Still carrying

Once upon a time, narrowboats plied the UK waterways, carrying freight. If you see a narrowboat nowadays, it’s more likely to carry holiday-makers than gravel , coal or grain. Instead of a large cargo space and a cramped living space for the Boater and his family, there’ll be 2 or even 4 berths, a cooker, living space, a toilet and maybe even a shower or washing machine. If you peep in through the windows after dark, the occupants will most likely be watching TV. Earlier they’d be on the deck, enjoying the sunshine, glass in hand. How things have changed!
Mikron Theatre Company (mikron.org.uk)are now in their 5th year touring the UK waterways, on their historic narrowboat  ‘Tysley’,  presenting shows about the industrial history of the UK. In 1983/84 and again in 1986 the show ‘Still Carrying’ recounted history of Tysley itself and the lives of the people who worked canal boats in the past. The shows are excellent and I recommend you see one if you can.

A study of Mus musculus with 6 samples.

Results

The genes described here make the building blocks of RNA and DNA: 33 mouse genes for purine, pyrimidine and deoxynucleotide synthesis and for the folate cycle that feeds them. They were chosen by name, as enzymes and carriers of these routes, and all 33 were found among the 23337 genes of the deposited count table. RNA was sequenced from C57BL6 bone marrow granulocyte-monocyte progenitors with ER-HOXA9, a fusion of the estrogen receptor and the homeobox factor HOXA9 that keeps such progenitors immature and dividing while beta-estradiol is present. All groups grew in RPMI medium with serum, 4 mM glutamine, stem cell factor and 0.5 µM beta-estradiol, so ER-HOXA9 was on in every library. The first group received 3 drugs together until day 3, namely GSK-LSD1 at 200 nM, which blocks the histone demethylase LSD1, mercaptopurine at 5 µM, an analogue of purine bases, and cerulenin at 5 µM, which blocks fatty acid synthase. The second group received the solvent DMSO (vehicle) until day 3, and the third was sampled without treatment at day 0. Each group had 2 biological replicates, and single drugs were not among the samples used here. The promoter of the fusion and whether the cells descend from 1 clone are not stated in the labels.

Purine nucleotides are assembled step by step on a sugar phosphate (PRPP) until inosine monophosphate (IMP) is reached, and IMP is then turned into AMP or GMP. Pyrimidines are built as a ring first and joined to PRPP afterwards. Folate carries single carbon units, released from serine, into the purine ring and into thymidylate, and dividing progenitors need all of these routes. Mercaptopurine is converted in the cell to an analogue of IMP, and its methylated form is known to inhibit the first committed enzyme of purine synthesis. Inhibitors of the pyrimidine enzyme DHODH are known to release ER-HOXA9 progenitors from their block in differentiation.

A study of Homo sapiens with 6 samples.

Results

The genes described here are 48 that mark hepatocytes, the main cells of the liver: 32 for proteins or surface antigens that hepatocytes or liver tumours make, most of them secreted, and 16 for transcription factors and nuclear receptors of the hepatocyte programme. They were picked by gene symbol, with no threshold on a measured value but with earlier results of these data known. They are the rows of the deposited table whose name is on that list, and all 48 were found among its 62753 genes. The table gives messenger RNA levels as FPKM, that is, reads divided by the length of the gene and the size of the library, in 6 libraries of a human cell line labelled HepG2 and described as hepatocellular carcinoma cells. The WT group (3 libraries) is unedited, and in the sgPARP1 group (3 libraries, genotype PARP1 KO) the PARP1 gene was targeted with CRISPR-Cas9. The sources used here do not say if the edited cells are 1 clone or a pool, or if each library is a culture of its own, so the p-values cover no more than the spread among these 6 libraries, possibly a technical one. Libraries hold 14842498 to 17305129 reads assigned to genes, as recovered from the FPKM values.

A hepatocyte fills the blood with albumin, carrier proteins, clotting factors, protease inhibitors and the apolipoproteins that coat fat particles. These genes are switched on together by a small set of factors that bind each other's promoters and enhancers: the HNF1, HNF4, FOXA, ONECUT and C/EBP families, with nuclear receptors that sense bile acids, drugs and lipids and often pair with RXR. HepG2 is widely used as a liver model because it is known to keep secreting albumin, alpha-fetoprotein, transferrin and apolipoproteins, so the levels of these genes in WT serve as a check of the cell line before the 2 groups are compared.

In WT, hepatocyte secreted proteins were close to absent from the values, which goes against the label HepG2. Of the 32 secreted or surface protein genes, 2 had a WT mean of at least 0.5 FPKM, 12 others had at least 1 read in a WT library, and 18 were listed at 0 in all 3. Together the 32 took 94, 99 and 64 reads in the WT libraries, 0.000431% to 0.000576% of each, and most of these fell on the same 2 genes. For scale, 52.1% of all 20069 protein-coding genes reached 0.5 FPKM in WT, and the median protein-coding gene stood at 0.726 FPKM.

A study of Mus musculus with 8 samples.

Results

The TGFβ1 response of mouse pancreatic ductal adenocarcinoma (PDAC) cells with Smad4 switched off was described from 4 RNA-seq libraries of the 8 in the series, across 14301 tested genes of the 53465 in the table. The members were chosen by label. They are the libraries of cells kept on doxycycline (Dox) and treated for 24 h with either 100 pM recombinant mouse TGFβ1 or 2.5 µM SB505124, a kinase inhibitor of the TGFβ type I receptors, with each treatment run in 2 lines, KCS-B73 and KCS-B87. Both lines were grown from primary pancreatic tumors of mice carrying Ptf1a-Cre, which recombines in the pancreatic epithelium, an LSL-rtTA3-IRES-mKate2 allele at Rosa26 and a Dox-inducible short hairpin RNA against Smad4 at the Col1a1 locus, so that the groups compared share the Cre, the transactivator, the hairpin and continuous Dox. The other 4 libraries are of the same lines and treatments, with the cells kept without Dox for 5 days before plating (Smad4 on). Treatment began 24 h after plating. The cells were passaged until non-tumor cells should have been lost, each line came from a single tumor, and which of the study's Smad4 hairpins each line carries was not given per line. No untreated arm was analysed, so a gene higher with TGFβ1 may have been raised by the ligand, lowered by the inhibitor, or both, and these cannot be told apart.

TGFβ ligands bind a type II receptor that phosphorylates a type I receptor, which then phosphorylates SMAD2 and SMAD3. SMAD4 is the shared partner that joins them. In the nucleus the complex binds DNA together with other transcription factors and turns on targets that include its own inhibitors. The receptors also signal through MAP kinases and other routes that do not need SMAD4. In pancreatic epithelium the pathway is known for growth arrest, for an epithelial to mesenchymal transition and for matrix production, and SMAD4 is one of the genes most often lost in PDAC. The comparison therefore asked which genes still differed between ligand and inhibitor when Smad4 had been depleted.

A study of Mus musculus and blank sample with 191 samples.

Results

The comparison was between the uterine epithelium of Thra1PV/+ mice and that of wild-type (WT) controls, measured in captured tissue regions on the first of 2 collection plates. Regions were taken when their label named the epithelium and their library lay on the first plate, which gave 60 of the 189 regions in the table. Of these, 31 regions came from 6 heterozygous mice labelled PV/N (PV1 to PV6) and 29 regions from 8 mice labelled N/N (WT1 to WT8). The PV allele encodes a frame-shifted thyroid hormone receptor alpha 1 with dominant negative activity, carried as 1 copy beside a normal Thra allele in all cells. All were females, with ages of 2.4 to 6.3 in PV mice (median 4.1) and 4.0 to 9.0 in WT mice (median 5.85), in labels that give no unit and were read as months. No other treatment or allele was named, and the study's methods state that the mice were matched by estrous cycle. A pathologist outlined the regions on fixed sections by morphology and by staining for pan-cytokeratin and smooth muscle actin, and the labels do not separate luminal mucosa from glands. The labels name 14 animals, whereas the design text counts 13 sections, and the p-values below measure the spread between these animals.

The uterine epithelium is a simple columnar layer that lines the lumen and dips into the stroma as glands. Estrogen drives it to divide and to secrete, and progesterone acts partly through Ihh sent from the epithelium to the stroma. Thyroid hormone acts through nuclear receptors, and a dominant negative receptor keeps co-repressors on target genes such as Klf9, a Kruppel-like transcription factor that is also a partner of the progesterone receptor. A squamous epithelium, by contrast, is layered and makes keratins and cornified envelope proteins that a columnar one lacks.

In The NL, water transport is still very important and it makes sense when you consider that 18% of the country’s area is water – and most of the wet bits are connected to other wet bits. In the past it was Schutsjers doing the transport of everything from potatoes, peat, grain, sand and, as they plain-speakingly  say here -shit.

 

Skutsje

 

As a leisure boater, you have to keep a sharp look-out for commercial traffic. Not only does it have right of way (or stand-on) but also the huge barges can’t see tiny boats and can’t stop quickly anyway. Boater beware!


 



But transport of freight by water is still thriving internationally, of course. Last night, we were talking to some people from Fairfield Chemical Carriers, a US company with a fleet of more than 30 vessels, capacity 20 and 25 megatonnes. It’s companies like this which bring you your fruit juice, beer, wine, cooking oil and non-hazardous chemicals from where they’re produced to wherever you live. Transport by sea is safe and cheap and the conditions aboard freight ships are much more comfortable than aboard the narrowboats or Schutsjers in the past.
And that’s why you can enjoy your glass of wine once the sun’s over the yard arm. Cheers!